Surprise is what happens when one side has gotten the drop on the other. The process supercedes the normal determination of initiative, and surprised targets are particularly poor at defending themselves.
A d6 is rolled for each side which might be surprised. Thus if party A is ambushing party B, only party B throws a surprise die. Unless otherwise stated, a combatant is surprised 2 in 6, which means on a 1 or 2 for his side’s surprise die, he is surprised. Some creatures and character classes are surprised on lesser chances, such as rangers (in wilderness), thieves and assassins (in urban areas), and monks above 1st level. In addition, some creatures will increase their opponents’ chance to be surprised (see the ranger for an example.)
If surprise is indicated for any combatant, a surprise round takes place. Only non-surprised combatants can act in this round.
Disadvantages of Being Surprised
Surprised combatants have the following disadvantages:
- stunned (cannot act)
- positive Dexterity modifiers to AC are ignored
- vulnerable to special attack forms, notably assassination and backstabbing, which require the target to be surprised
Surprise and Initiative
If there are non-surprised combatants on both sides of a conflict, then initiative is rolled to determine which side goes first in the surprise round; these initiatives are retained after the surprise round for the rest of the combat, as normal.
If one side is totally surprised, then initiative is determined as normal after the surprise round. It is perfectly possible for the surprising party to win initiative, thus enabling them to immediately take another turn!
Some sample scenarios which may lead to surprise, taken from the Tao of D&D wiki, are listed below.
Surprise may occur when the characters are:
travelling a great distance over the course of a long day, so that if there is no reason to suppose that there may be an ambush being made ready ahead, the combatant’s guard is down.
moving too quickly to properly assess the dangers that might lurk around a corner, so that they rush into a situation before they have time to prepare for it.
attacked in a place usually reserved for peace of mind, trade or goodwill, such as a temple, market, tavern, inn, arena, a busy city avenue, road or square, an upscale residence or a government house, or a heavily patrolled place such as the entry gate to a town or city, a fair or a military headquarters. In such places, combatants will naturally drop their guard, partly due to the number of distractions that makes it impossible to keep their guard up - this makes surprise a possibility, explaining why such areas are busy places for thieves and assassins.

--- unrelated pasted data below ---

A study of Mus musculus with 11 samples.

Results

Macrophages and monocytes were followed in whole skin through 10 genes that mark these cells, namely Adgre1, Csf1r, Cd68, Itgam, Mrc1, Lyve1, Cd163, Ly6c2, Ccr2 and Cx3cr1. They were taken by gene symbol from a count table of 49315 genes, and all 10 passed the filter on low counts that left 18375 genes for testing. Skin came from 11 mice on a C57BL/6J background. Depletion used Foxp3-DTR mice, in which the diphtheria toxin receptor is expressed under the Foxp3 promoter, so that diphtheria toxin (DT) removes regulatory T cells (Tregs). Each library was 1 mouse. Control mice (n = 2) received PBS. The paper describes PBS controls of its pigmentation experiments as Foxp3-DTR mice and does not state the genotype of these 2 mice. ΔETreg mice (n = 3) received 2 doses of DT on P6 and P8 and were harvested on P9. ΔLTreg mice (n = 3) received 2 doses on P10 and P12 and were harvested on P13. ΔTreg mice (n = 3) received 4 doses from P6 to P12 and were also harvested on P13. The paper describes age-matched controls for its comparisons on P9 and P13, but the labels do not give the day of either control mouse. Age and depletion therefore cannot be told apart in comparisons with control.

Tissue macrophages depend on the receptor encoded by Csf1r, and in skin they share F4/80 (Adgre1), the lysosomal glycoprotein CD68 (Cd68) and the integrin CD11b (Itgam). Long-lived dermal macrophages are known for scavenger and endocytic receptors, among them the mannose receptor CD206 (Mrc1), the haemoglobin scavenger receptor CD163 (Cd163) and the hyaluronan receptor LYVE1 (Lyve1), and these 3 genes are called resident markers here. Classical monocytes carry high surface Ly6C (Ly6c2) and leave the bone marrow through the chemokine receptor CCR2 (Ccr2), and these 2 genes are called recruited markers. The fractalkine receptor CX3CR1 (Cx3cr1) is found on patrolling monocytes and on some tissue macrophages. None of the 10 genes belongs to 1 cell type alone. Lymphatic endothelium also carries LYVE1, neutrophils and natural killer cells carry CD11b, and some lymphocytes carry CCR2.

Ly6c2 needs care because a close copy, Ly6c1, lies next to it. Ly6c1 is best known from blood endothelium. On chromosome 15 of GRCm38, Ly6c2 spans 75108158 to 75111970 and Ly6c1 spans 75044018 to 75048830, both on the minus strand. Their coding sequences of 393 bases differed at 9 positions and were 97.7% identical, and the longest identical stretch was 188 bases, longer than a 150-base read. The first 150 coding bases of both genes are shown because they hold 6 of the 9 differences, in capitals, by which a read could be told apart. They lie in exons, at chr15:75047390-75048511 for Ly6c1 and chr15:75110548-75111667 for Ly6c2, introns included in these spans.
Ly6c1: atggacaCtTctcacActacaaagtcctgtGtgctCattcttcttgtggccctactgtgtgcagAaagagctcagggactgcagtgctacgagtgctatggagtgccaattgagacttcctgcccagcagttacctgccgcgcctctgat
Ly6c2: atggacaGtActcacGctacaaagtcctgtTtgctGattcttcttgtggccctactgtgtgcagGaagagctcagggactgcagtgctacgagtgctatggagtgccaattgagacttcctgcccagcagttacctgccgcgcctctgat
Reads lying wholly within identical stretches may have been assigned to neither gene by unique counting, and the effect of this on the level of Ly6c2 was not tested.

busy with making camp or breaking camp, having failed to establish one person to stand guard during this time, when everyone is moving about and paying attention to details rather than what may be going on all around.
weary, injured to the point where they are in the negatives, drunk, under the influence of a spell or environmental condition, heavily muffled due to the weather, asleep or any other physical condition that would challenge their usual sharp attention.
chatting incessantly in the guise of the players, who are paying very little attention to what their characters are doing, thus indicating that the player characters are themselves allowing their attentions to wander into minutia or frivolity.
expecting one thing but get another. When something comes through the door, over the hill, drops down through the clouds or is stumbled upon that is so completely unusual for the place and time, then there is a reasonable chance that surprise will occur.